Basil In A Bottle

This basil has been growing about a month in the kitchen window.  Unless you live without windows you can probably grow a little herb garden too.  I think it’s time to make some pasta!

What you’ll need for a bottled kitchen window garden:

A bottle

Small rocks or gravel

Potting Mix (Make sure it has some vermiculite)

Herb seeds

Water, organic plant food and a sunny window

Put the gravel or rocks in the bottom of the bottle.  Add the potting mix.  Plant some seeds.  Water and wait.   When the seedlings sprout kept them moist and fertilize according to the instructions on your fertilizer package.  You should be able to use the potting mix in the jar a couple of times after harvesting your first batch of herbs and then replace it.


I always thought Ramen noodles were for kids and college students until I found this recipe from the Bodily Recipe Box.  I followed Angela’s recipe, except I used canned turkey and added some fresh sage.  Use fresh when you can, but if not . . . all the ingredients for this recipe can be stored in your pantry.  Canned poultry, dried carrots and celery, and ramen noodles make a great last minute meal!


Golden Threads of Charity

“Since the foundation of the world, the cloth of righteous societies has ever been woven from the golden threads of charity.”  H. David Burton, The Sanctifying Work of Welfare


Minted Turkey Meatballs With Yogurt Herb Dipping Sauce

The second recipe in the “what to do with mint” series.  These meatballs are fantastic!  I placed them on a bed of lettuce from the garden, but they would also be good wrapped in soft flatbread like a Greek kabob.  Funny thing when you eat food with mint in it you feel like you’ve just brushed your teeth.

Minted Turkey Meatballs

1 lb. ground turkey

1/4 cup dried bread crumbs

1/2 cup minced onion

2 cloves minced garlic

1 egg

2 Tablespoons chopped flat leaf parsley

1/4 cup chopped fresh mint

1/2 teaspoon salt

1/4 teaspoon pepper

1/4 teaspoon cardamon

1/8 teaspoon cinnamon

1 Tablespoon olive oil

Yogurt Herb Dipping Sauce

1 cup plain yogurt

1/4 cup chopped fresh tarragon (None in the garden yet, I used a heaping Tablespoon of dried)

1/4 cup chopped fresh mint

1/4 cup chopped fresh green onion or chives

Combine all ingredients for the dipping sauce and place in the refrigerator while you make the meatballs.  Combine all ingredients for the meatballs, except the olive oil and shape into balls.  Heat olive oil in skillet.  Cook meatballs on medium heat until browned and no longer pink inside.  Serve with dipping sauce.


What To Do With Fresh Mint?

Last week I joined Bountiful Baskets and picked up my first basket of delicious fruits and veggies.  Included in the basket was a bundle of fresh mint.  Normally I just dry the mint from my garden and use it as a tea or throw it into a smoothie.  This mint was destined for something different, so I searched for some fresh mint recipes.  Here’s one that is particularly delicious!  I had to use frozen green beans, but I look forward to fresh ones from the garden in July.  These green beans are good as a side dish or a snack, like right now, yum.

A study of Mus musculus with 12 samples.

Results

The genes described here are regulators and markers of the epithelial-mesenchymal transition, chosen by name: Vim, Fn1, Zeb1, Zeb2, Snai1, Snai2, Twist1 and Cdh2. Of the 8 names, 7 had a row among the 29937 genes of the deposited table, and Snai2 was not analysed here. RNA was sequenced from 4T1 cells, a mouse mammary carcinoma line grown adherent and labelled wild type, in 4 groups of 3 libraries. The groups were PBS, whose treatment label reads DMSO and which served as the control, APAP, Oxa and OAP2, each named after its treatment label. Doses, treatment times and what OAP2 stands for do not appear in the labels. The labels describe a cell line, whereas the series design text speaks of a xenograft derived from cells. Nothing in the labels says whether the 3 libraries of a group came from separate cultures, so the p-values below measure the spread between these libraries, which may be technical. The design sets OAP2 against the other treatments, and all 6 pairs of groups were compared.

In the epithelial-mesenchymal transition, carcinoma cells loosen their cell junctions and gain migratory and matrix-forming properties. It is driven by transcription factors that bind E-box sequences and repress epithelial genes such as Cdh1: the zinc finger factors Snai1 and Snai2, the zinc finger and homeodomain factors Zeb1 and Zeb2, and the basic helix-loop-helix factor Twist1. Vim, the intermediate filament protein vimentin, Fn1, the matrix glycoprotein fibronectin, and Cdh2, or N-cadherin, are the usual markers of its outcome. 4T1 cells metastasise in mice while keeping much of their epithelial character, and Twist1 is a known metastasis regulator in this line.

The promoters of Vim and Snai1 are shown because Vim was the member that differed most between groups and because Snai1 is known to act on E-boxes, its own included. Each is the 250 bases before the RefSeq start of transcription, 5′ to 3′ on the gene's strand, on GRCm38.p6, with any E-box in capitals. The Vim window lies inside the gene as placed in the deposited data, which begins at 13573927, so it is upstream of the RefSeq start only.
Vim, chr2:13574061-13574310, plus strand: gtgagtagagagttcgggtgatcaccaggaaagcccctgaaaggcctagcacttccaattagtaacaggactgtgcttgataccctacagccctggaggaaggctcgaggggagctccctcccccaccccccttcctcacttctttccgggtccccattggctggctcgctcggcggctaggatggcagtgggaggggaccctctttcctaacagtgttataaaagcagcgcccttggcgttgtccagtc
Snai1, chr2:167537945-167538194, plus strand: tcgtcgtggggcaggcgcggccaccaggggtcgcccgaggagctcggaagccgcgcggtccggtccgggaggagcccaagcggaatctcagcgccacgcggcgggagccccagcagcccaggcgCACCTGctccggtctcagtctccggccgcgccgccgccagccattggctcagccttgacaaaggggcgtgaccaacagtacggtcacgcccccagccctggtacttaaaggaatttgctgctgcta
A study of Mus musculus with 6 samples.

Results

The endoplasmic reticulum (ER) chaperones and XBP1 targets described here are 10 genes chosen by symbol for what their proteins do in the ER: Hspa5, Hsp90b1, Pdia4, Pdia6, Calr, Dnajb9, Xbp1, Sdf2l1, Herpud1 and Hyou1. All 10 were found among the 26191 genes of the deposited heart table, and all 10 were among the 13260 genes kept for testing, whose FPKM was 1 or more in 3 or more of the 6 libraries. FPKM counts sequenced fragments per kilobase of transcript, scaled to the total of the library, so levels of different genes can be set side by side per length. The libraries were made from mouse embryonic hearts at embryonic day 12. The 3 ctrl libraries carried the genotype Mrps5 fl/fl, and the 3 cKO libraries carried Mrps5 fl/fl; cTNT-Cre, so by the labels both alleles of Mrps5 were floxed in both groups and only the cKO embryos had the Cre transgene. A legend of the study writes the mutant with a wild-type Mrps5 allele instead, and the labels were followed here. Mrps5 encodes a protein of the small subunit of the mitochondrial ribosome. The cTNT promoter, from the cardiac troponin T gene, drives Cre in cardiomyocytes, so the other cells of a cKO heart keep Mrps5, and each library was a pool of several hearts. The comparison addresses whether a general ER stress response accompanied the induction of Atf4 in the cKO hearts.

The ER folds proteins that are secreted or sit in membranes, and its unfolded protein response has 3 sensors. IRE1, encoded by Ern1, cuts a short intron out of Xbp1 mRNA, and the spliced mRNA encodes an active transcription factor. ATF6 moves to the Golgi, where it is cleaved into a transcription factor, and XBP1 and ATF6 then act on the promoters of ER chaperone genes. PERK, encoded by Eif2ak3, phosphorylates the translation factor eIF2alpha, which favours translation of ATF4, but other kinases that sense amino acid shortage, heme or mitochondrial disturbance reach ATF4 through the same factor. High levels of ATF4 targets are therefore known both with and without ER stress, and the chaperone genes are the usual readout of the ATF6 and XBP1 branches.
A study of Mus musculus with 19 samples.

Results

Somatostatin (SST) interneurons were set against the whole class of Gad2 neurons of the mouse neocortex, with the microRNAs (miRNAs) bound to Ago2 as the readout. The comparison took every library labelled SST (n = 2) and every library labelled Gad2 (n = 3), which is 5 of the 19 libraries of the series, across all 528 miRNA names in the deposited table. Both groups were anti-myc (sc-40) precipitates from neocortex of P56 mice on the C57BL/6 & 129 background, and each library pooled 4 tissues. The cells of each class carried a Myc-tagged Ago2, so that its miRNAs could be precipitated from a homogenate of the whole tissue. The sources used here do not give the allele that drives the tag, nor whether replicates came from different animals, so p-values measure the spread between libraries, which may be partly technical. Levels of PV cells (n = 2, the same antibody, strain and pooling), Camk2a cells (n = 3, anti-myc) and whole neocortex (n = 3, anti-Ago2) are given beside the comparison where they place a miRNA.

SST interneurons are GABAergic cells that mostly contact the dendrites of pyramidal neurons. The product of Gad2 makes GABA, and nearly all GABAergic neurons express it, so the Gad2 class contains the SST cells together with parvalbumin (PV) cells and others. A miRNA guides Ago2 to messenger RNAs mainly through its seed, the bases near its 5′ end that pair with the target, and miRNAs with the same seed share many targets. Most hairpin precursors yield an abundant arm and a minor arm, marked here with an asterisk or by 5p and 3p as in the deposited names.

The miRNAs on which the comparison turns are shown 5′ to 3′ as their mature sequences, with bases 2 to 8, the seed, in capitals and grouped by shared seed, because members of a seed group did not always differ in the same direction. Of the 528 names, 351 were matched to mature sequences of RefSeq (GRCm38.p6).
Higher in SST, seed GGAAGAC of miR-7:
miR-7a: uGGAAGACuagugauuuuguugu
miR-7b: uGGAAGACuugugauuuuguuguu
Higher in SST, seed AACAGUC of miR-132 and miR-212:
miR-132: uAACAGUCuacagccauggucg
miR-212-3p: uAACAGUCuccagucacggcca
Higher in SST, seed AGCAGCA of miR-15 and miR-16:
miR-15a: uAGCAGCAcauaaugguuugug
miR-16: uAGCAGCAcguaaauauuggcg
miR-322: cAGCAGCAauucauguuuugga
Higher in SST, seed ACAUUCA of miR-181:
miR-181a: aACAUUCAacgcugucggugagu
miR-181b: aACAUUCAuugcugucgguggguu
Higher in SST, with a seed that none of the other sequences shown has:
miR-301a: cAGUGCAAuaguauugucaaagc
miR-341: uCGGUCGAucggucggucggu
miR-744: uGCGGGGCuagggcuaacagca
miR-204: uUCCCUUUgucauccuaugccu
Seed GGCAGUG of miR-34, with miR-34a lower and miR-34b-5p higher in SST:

Green Beans with Roasted Red Peppers and Mint

1 lb. fresh or frozen green beans, cooked tender crisp

1/4 cup red onion, thinly sliced

1/2 cup roasted red peppers, thinly sliced

2 Tablespoons seasoned rice vinegar

2 Tablespoons olive oil

1 teaspoon whole grain Dijon mustard

1/4 cup fresh mint, chopped

salt and pepper to taste

In a bowl, whisk together the vinegar, oil, and mustard.  Add the cooled, cooked green beans, red onion, and roasted red peppers and toss to coat.  Add the mint, toss until combined.  Serve at room temperature or cold from the fridge, with a fresh mint leaf on the side.

I found a couple of other great mint recipes that you’ll see here in the next week.


A Can, a Spoon, and A Bottle of Water

Today our Relief Society lesson was on charity or the pure love of Christ.  Charity is a feeling of kindness toward mankind that motivates us to action and reference was made to the person with the plead for help sign, so often seen on the street corner.  One woman passed along a suggestion that she had seen her mother do . . . her mother keeps a few bottles of water and flip top cans of food in her car along with plastic spoons and when she sees someone in need she is prepared to offer these.  No judgments required, just a simple act of charity.


I Dare You To Eat It

Liesa Card’s blog and book were brought to my attention a couple days ago and I wanted to past the link along to you.  I love her philosophy on food storage!

“You can make life easier by structuring your food storage so that you actually eat it on a daily basis . . . no earthquake required.”

You’ll find some great recipes and food storage ideas on her site, I Dare you To Eat It.